Aspen ski resorts improve in SKI’s annual rankings
Snowmass climbed to one of its highest positions in several years in Ski magazine’s annual readership survey to determine the best ski resorts in North America.
Snowmass, Aspen Mountain and Aspen Highlands all ascended compared with their rankings last year, according to results that Ski magazine posted on its website Wednesday.
Snowmass climbed to No. 6 among resorts in the West, according to the magazine. It was ninth in the 2014 rankings.
Aspen Mountain climbed one spot to 12th. Aspen Highlands jumped four notches to 16th.
The magazine said it tabulated survey results from 12,000 readers to help determine the 30 best ski resorts in the West and 20 best in the East.
The fourth ski area owned by Aspen Skiing Co. — Buttermilk — didn’t crack the list.
The results of the annual surveys fluctuate notoriously. A ski area can be the apple of skiers’ eyes one season and plummet the next even though conditions haven’t changed. But that’s what makes them interesting to many observers.
“We like to see the (rankings) going the direction we think they should be,” Skico spokesman Jeff Hanle said. He said Snowmass has scored the highest ranking of Skico’s ski areas since 2000. It hit No. 4 in 2002 and 2008.
Ski magazine didn’t post the top winner in the West on its website Wednesday. It urged viewers to check back today at http://www.skinet.com/ski/galleries/2015s-top-ranked-western-ski-resorts?i=55593814&s=30. However, from scanning the list, it was obvious that perennial powerhouse Whistler/Blackcomb was absent from the other high-ranking positions and almost certainly grabbed top honors.
No. 2 in the West was Deer Valley, Utah. Rounding out the top five were Sun Valley, Idaho; Telluride; and Vail.
Following Snowmass at No. 6 were Park City, Utah; Jackson Hole, Wyoming (last year’s top resort); Breckenridge; and, at No. 10, Steamboat.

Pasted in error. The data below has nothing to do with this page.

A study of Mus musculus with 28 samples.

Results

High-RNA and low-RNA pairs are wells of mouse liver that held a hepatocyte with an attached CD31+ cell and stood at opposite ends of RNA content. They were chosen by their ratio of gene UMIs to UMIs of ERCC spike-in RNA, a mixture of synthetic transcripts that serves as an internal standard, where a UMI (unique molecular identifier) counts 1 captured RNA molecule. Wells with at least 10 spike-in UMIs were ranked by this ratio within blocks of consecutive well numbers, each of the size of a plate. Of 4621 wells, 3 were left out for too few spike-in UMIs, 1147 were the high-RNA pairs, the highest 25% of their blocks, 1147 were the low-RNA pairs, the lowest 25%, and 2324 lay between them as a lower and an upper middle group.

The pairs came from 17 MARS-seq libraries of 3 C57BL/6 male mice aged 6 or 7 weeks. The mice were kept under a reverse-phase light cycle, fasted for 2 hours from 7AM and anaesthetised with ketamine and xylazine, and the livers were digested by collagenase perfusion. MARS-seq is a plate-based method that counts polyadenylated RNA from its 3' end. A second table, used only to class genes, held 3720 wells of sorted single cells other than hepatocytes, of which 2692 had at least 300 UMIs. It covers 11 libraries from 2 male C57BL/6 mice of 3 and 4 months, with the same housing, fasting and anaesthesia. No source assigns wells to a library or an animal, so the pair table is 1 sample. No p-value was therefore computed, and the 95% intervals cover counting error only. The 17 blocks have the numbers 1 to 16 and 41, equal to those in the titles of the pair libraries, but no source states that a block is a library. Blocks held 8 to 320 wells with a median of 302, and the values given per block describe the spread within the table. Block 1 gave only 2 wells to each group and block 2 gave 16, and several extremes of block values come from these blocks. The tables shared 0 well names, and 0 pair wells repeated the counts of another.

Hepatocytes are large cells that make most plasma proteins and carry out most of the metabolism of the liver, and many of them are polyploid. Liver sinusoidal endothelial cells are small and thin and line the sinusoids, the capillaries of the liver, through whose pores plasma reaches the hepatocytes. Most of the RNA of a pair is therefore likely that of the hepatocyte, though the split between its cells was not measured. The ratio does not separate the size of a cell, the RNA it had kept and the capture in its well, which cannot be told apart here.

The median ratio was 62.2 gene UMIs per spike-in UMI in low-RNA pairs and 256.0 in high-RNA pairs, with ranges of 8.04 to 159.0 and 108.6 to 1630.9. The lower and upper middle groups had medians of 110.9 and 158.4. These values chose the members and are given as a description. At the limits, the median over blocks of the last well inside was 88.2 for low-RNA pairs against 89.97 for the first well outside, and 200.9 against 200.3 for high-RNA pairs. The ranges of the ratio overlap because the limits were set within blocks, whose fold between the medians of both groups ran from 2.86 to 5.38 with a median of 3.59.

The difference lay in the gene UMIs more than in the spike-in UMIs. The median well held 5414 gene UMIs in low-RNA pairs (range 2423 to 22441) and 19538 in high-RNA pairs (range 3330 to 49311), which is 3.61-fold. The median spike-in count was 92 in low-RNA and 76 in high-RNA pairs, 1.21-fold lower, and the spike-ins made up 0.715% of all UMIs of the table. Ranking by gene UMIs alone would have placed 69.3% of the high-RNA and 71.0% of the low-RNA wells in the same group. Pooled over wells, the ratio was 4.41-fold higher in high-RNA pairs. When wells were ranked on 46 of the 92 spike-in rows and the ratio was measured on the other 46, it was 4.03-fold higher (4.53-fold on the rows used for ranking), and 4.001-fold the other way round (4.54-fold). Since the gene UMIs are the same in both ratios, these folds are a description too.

The top resort in the East was Tremblant, Quebec.
Hanle said that when he looked at the list, he thought he could “make a good case” that Snowmass, Aspen Mountain and Aspen Highlands are better than some of the resorts ahead of them. The methodology of the survey penalizes Skico’s resorts because they are considered separate and cannot capitalize on the Power of Four, as the company’s marketing theme portrays them.
Therefore, Aspen Mountain suffers in the surveys because it doesn’t have a kids’ ski school. Aspen Mountain and Aspen Highlands are docked points because they don’t have terrain parks, yet Snowmass and Buttermilk have two of the best in the business, Hanle said.
Nevertheless, he credited Ski magazine’s survey for its importance in the ski industry.
“We won’t live or die by this, but we’ll continue to (improve) our rankings where we can,” Hanle said.
Some categories are out of the hands of Skico employees, he said. Scenery and accessibility are among the many characteristics that are ranked.
Snowmass founder Bill Janss’ determination that he found “the perfect mountain” in the 1960s is echoed by many of the magazine’s readers, Aspen freelance writer Catherine Lutz wrote in the magazine’s summary of the ski area. Snowmass earned high marks for variety of terrain and grooming.
When assessing Aspen Mountain, one Ski reader said it “skis much bigger than it is,” according to the website.
“A study in contradictions, Aspen rewards those who take the time to get to know it,” Lutz wrote for Ski.
Aspen Mountain got good grades for apres ski — No. 2 — as well as No. 4 for off-hill activities and No. 4 for dining.
Aspen Highlands got accolades for Highland Bowl. One survey respondent said skiing the bowl “was one of the highlights of my nearly 40-year ski history,” the magazine’s website said.
Buttermilk will look to get its due later in the fall when Transworld Snowboarding magazine’s annual poll results come out. Buttermilk — home of the Winter X Games — grabbed top marks for best superpipe and best terrain park last year and shared the best overall resort award with Snowmass.
Freeskier magazine also ranks resorts later in the year.